CalvaryJuly 5, 2014
Calvary arrives with a big rap, and a raging battle between fans and detractors. In England it has been hailed as possibly the greatest ever film from Ireland, but there are plenty of Irish cinema-goers angered by John Michael McDonagh’s savage parody of a broken, disfigured society. Either way, it’s compulsive viewing, thanks to a masterful performance by that impressive character actor, Brendan Gleeson, who plays Father James Lavelle, a Catholic priest based in a small town near Sligo, on the west coast of Ireland.
The story begins with a thunderclap. “I first tasted semen when I was seven years old, ” announces an anonymous voice in the confessional box. Father James listens in horror, then says what we’re all thinking: “It’s certainly a startling opening line!”
This sets the tone for a teasing, hyper-literate script that always seems ready to double back and comment on itself. At one point, the creepy local medic, Frank Harte (Aiden Gillen), identifies himself as “the atheistic doctor”, and complains: “There aren’t that many good lines.”
McDonagh’s style has both confused and delighted audiences, but it’s clear that we shouldn’t view Calvary as a work of gritty realism. The characters are all grotesques, more reminiscent of an episode of Father Ted than a play by Synge or O’Casey. Every conversation strains towards profundity, then turns and deflates its own pretensions. The story is peppered with literary and cinematic references, but can be enjoyed as the blackest of comedies, a mystery story, a morality tale, or a pseudo-western with more than a hint of High Noon.
The figure in the confessional tells Father James how he was abused by a bad priest, who is now dead. To get his revenge on the Church he announces that he will kill a “good priest” – James, himself – in seven days time. This gives the target a week to get his house in order, as the clock starts ticking.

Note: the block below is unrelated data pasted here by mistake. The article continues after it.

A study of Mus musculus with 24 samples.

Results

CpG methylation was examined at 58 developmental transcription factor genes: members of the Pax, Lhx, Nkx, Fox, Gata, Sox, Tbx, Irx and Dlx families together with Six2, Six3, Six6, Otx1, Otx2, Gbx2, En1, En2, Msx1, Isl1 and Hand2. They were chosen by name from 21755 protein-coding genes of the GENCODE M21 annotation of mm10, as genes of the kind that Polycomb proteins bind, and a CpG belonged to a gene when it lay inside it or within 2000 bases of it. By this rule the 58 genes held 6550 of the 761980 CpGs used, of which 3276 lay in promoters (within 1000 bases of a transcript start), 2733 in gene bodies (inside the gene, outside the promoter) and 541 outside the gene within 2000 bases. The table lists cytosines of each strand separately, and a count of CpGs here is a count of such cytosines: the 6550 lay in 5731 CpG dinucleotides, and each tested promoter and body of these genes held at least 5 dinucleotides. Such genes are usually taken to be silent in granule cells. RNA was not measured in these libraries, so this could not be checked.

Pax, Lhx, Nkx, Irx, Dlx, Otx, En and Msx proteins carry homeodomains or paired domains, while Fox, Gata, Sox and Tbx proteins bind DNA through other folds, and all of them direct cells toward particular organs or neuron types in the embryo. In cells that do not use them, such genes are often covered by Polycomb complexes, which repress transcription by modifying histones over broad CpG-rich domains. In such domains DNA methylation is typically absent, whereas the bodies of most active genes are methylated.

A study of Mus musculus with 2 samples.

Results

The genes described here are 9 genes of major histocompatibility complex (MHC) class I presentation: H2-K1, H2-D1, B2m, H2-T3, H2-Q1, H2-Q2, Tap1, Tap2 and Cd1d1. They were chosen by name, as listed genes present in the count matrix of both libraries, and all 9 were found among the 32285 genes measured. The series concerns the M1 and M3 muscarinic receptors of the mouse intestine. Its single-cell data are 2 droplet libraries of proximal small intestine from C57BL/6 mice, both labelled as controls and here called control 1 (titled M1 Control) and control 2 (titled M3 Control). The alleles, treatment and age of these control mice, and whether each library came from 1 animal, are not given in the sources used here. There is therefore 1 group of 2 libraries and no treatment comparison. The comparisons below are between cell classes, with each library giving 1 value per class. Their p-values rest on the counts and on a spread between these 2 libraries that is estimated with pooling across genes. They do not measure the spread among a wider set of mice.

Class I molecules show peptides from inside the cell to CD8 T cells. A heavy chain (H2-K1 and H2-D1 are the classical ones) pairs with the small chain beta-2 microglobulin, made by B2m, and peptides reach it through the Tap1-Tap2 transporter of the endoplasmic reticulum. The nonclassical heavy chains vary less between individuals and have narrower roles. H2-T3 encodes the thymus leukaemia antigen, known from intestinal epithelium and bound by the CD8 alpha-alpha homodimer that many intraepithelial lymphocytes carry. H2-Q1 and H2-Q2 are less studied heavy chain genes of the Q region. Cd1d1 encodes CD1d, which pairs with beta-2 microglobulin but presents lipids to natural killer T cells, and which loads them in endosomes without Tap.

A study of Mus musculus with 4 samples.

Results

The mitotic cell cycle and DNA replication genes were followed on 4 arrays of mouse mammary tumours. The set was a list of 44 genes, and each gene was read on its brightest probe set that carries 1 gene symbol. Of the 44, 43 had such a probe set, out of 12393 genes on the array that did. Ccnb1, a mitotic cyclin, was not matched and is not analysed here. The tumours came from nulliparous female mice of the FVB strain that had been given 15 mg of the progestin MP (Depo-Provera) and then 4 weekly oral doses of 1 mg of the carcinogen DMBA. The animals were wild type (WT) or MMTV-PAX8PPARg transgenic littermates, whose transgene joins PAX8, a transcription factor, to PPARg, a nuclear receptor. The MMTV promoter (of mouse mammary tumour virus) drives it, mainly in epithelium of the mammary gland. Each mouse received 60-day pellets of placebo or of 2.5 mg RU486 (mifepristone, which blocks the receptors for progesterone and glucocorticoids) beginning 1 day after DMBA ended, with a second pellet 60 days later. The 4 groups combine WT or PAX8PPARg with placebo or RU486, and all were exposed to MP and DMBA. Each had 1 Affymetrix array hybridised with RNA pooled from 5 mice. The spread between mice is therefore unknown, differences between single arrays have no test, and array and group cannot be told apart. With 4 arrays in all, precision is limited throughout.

Father James believes he has recognised the voice, and accepts that the threat was not subject to the sanctity of the confessional, as absolution was neither asked for nor granted. Yet he decides to keep the date with his would-be killer, no matter what the outcome. For the rest of the week we accompany Father James on his pastoral rounds, meeting an extraordinary group of misfits, each one a potential murderer.
There is Jack, the local butcher (Chris O’Dowd), a serial cuckold, whose wife Veronica (Orla O’Rourke) takes inordinate pride in her adulteries. One of her boyfriends is Simon (Isaach De Bankolé), a surly African immigrant. Then there is Frank Harte, the spivvy, coke-sniffing doctor who seems to ooze cynicism. There is Michael Fitzgerald (Dylan Moran), a former banker who has retired to the country to enhoy his ill-gotten wealth, and has sunk into a pit of depression. Next up is Milo (Killian Scott), a simpleton who wants to join the army, thinking that his murderous impules might be an advantage in the interview.
There’s the aging writer who fantasises about shooting himself; a bitter publican, under pressure from the banks; an aggressive cop who lives in a mansion, and his rent-boy lover, who effects a Noo York accent. Last and most bizarre of all, is Freddy Joyce, a young serial killer and cannibal, whom Father James visits in his prison cell.
The killer is to be found within this gallery of freaks, but almost everyone has an aggressive, disrespectful attitude to the priest and the Church. It is a test of faith for Father James, a reformed alcoholic, who joined the Church in middle age because he felt he had a vocation. To make matters more complicated, that week he is also hosting his 30-year old daughter, Fiona (Kelly Reilly), who is recovering from a suicide attempt.
McDonagh has cited Robert Bresson’s Diary of a Country Priest (1951) as an inspiration, and the script even includes a sly mention of Georges Bernanos who wrote the novel on which that film was based. Another movie that springs to mind is Luis Bunuel’s The Nazarene (1959), which tells the story of a saintly priest whose good deeds lead him into one disaster after another.
The episodic structure of Calvary is notably Bunuelesque, but where the Spanish director frames his story (as usual) as a critique of the Catholic Church, McDonagh leaves open the possibility of redemption. Father James, who is by no means a saint, believes that every member of his exasperating flock can be reformed. He takes the sins of the entire Church upon his own shoulders, being prepared to suffer on behalf of the paedophiles and hypocrites who have brought the institution into disrepute. The townfolk are not simply pathological misfits, but living expressions of a malaise that finds its roots in the deceitful behaviour of the Church, and the apocalypse of the Irish bubble economy. It’s a heavy burden for a lone priest with martyrdom on his mind.
Written & directed by John Michael McDonagh
Starring Brendan Gleeson, Chris O’Dowd, Kelly Reilly, Aidan Gillen, Dylan Moran, Orla O’Rourke
Ireland/UK, rated MA 15+, 100 mins
Published in the Australian Financial Review, Saturday 5 July, 2014.